There is no formal definition of city bike or hybrid bike so this question is hard to answer, especially as 'hybrid' can mean many very different styles, some of which are slower than some 'city' bikes.
This is a more recognized style, the 'Dutch bike'
The rider is very upright, and there is an enclosed chainstay and mudguards to allow normal clothes to stay clean. Up to about 10mph the upright position doesn't slow you down because wind resistance is minimal at low speeds.
The Dutch bike may also be very heavy. On flat ground this is almost irrelevant, but it is unhelpful in hilly areas.
The gearing is typically an 3-speed hubgear. Whereas derailleurs are up to about 96% efficient, the IGH will be less efficient, however this is typically over 90%. While the drag is perceptible, this is not significant.
In many cases the slow speed will be down to the choice of tyres. A classic 'city' or Dutch bike should not get punctures on the 2km ride back from the pub, and so heavy, puncture-resistant tyres are much more important than shaving 5s off the journey time.
If you fit a Dutch style bike with racing tyres then on flat ground at 10mph then it should not be noticeably harder to pedal than a racing bike. However air resistance grows with the cube of speed, so at 20mph you will be creating a large amount of air resistance.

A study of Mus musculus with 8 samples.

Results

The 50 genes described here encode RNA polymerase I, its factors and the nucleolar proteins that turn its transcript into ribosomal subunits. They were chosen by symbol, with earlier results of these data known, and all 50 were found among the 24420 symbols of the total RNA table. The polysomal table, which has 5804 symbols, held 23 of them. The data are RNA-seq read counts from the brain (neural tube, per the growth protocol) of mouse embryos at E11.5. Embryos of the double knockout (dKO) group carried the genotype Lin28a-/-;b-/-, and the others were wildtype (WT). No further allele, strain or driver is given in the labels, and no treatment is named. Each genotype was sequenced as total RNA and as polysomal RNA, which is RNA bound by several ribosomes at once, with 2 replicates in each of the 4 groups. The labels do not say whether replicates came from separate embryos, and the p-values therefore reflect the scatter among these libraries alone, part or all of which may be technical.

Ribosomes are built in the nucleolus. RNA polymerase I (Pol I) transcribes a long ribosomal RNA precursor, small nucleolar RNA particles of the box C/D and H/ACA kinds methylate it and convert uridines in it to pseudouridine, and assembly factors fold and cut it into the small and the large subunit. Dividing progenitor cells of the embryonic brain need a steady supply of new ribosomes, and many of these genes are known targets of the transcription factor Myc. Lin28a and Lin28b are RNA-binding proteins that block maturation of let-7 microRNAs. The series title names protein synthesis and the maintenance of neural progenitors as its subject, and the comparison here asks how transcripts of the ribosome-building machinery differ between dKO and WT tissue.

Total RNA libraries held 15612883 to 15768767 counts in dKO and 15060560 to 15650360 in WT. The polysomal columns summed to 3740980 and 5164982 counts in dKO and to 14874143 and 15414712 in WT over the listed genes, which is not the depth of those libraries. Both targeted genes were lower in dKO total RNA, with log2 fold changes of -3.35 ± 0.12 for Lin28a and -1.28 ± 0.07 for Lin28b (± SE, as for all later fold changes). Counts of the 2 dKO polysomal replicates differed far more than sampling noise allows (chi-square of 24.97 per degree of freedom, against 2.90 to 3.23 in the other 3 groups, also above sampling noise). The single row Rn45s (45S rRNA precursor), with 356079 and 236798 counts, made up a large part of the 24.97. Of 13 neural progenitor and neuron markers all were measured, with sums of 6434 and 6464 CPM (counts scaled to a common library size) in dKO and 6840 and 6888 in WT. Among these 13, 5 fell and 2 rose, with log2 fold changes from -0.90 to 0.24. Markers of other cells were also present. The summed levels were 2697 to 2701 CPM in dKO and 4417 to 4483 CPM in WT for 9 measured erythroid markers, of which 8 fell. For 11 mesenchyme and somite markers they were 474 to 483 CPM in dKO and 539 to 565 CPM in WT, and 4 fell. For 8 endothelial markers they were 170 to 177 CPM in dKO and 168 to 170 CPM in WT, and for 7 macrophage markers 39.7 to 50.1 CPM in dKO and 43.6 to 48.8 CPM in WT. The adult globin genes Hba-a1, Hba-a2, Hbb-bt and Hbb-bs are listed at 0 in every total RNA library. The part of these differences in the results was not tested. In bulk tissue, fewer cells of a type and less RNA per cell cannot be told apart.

The most important factor in resistance is not particularly the 'aero' of the bike, but the rider's position. The term used is CdA, which is drag * area.
If you compare the Dutch bike above to this time trial cyclist
then the area exposed to the wind is much greater. In addition, it is obvious that a slippery lycra-style suit bent over parallel to the direction of travel, and an aero helmet is going to disrupt air flow much less than an almost completely upright cyclist on a Dutch bike.
Refer here: https://www.gribble.org/cycling/power_v_speed.html
Basically if you are happy to travel around 10-12mph or so then a very upright bike is suitable. If you want to travel sometimes at 20mph then an upright bike is a big waste of effort.
It is possible to get a lower position on a flat bar bike with a different handle bar. The Jones H-Bar is one design that allows a crouched position on a flat bar bike.
In addition other modifications such as a lowered stem could help with this.
In terms of your question then the geometry of a city bike is going to be much further from a road bike, so not suitable for say 'leaning into corners', and not very 'fast' in handling, but this isn't really what is slowing you down, which is overwhelmingly tyre choice at lower speeds and then body position and clothing at higher speeds.
If you just want 'low maintenance', then remember that something like a Rohloff is extremely efficient as much as derailleurs, very low maintenance, and can be fitted to racing-style bikes.
This is more a 'gravel' or 'adventure' posture than racing, but it should be faster than your flat bar hybrid (Shand Stoater w/ Rohloff IGH)
It's very expensive of course, but if you have money then you can have your bike built how you want - don't expect to find a cheap racing bike fitted with a cheap 3-speed hub, but if you want a low maintenance bike with IGH and a faster speed than bolt-upright Dutch style, then looking at something like a touring bike might be helpful.